Emo’s Not Dead Cruise Proves It Wasn’t Just a Phase: Recap, Photos and Video

The inaugural cruise featured performances by Dashboard Confessional, Underoath, New Found Glory and more

Emo's Not Dead Cruise
Emo’s Not Dead Cruise, courtesy of Sixthman

    With the onslaught of reunion tours and themed festivals that have popped up since the pandemic has simmered down (but let’s be honest, has it?), it only seemed right to throw in a scene fest amongst the jam bandy, stadium rock gatherings we’ve been seeing. There was When We Were Young, its own little toe dip into devotion of an era when Hot Topic was still kind of cool, but why see burned CD classics on land? How 2019 of us. Thankfully, scene king Matt Cutshall took his “emo’s not dead” bit to the shallow seas (we sail) with a freaking cruise… and it was awesome.

    The inaugural Emo’s Not Dead Cruise was a bit of curveball. Emos and water? Here’s where you’d insert a joke about turning the ocean black with our tears. Yet, something about it just… worked. From acoustic sets to bands playing seminal albums in full to a casino and other randomness, Cutshall didn’t come to play. The rest of us did, though, and we stepped into a MySpace wonderland ready to relive arguably the best era of our lives. There’s something about the collective excitement of a shared experience. You can feel everyone else’s energy and, the more people there are, the more amplified that zeal becomes. In essence, that’s what walking onto the Norwegian Jewel felt like — the wind and misty skies literally not raining on anyone’s (black) parade.

    But this is only a fraction of what happened during the week. Getting around a regular festival is hard enough, and can be even more challenging in the middle of the ocean. Still, the ship became home, and for those four days, we treated it as such.


    Tuesday, November 8th: Emery, Hawthorne Heights, and the welcome party of a lifetime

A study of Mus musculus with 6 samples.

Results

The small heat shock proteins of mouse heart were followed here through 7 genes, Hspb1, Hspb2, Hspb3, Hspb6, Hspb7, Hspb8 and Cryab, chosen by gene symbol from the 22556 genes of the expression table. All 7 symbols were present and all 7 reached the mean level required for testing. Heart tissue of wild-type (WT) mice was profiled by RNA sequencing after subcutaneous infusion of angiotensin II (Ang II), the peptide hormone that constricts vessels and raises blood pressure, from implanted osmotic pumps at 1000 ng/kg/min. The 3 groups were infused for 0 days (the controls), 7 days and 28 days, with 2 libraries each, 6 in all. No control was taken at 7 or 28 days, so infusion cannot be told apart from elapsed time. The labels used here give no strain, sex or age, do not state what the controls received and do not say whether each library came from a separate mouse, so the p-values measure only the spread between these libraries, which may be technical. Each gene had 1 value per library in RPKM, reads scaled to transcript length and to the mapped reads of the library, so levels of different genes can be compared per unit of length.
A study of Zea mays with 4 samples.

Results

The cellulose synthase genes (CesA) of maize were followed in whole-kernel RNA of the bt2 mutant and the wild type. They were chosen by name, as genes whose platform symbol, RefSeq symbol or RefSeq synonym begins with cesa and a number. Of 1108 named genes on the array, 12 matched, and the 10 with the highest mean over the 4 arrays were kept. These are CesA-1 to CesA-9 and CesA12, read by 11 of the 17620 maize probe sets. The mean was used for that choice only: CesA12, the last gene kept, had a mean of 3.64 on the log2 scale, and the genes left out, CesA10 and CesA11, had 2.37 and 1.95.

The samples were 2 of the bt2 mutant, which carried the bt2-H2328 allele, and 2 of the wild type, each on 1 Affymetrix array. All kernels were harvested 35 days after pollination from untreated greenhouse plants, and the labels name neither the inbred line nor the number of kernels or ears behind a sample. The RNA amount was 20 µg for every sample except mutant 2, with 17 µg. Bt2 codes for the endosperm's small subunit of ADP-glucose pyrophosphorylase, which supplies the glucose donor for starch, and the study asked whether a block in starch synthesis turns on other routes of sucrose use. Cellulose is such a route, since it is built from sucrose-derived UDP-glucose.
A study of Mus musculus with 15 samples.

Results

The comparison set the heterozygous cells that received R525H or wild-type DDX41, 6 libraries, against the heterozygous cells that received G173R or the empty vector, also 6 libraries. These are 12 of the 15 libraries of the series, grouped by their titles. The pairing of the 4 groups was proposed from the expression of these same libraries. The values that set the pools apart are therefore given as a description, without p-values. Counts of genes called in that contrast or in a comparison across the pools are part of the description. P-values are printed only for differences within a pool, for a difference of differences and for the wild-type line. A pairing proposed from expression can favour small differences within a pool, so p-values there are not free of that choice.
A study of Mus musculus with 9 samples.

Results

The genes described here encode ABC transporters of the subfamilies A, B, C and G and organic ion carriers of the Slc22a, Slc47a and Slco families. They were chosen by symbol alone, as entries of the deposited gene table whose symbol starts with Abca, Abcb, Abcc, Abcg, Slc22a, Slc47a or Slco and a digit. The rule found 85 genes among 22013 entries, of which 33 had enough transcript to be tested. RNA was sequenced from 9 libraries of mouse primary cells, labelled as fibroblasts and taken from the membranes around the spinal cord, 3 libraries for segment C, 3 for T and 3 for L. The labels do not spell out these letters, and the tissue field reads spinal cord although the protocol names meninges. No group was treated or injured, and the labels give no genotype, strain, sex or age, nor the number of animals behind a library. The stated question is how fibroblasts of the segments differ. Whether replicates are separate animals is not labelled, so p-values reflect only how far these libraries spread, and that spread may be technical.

Night one was a bit of a doozy amongst the cruisers. The lay of the ship took some getting used to thanks to its many floors, twists and turns, but what clearly wasn’t difficult to find at all were the bars and the welcome party. The Bliss Lounge, a walkthrough bar connecting the middle floor of the ship, was taken over by a DJ set of millennial classics like Lit’s “My Own Worst Enemy” and the famously emo message behind Papa Roach’s “Last Resort.” The ship hadn’t even left the Los Angeles port yet, but the booze was flowing and the kiddies were screaming.

    Especially at Emery’s set at Magnum’s downstairs stage. Think of it as the basement house show venue of a boat, and the entire place was packed with people aggressively looking to express their need for a good mosh. As Emery plowed through some of their familiars, elder emos plowed through the packed pit. It was glorious to watch, like one of those ant death spirals. Though it seemed like too small a venue for a band that goes that hard right of the gate, Emery mentioned they intentionally picked it as a way to get back to their early show roots. That energy wafted throughout the air, as it did at New Found Glory’s first set. Frontman Jordan Pundik ran out in full ship captain attire ready to go with “Understatement.” A new addition onstage was William Ryan Key from Yellowcard, subbing in for Chad Gilbert, out due to health reasons.

    In a somewhat similar way, the acoustic sets Hawthorne Heights and Silverstein played in the Spinnaker Lounge were teeming with emotive faces and broken hearts. Milder on the artists’ side yet just as if not more impassioned on the audience’s, the Spinnaker stage was met with feverish shouts and honestly. That was to be expected though, since devotion and desire were brewed in cauldrons of Manic Panic hair dye. When Hawthorne was up, they invited a couple from Norway onstage to get engaged. It was like a Tumblr romance come to life.


    In Silverstein’s case, it was singer Shane Told performing solo on this night. There was a different type of intimacy to his performance — just him and his guitar allowed for more chatter and interaction with fans staring up at him in adoration. It also made for a nice distraction for people who were waiting patiently to see Dashboard Confessional. They were supposed to play on the pool deck but wind and cold air caused a major delay. Chris Carraba and co. were moved to the late night slot at the Stardust Theater, but that didn’t stop anyone from being awake enough to cry over “Vindicated,” “Hands Down” and of course, “Screaming Infidelities.” It was a good way to ease into the next few days — gentle, but pleasantly jarring to the senses.

    Highlights: JT from Hawthorne Heights very hilariously and accurately saying “This is 401k emo. It isn’t cheap to do this,” when expressing gratitude for everyone who was able to be on the cruise.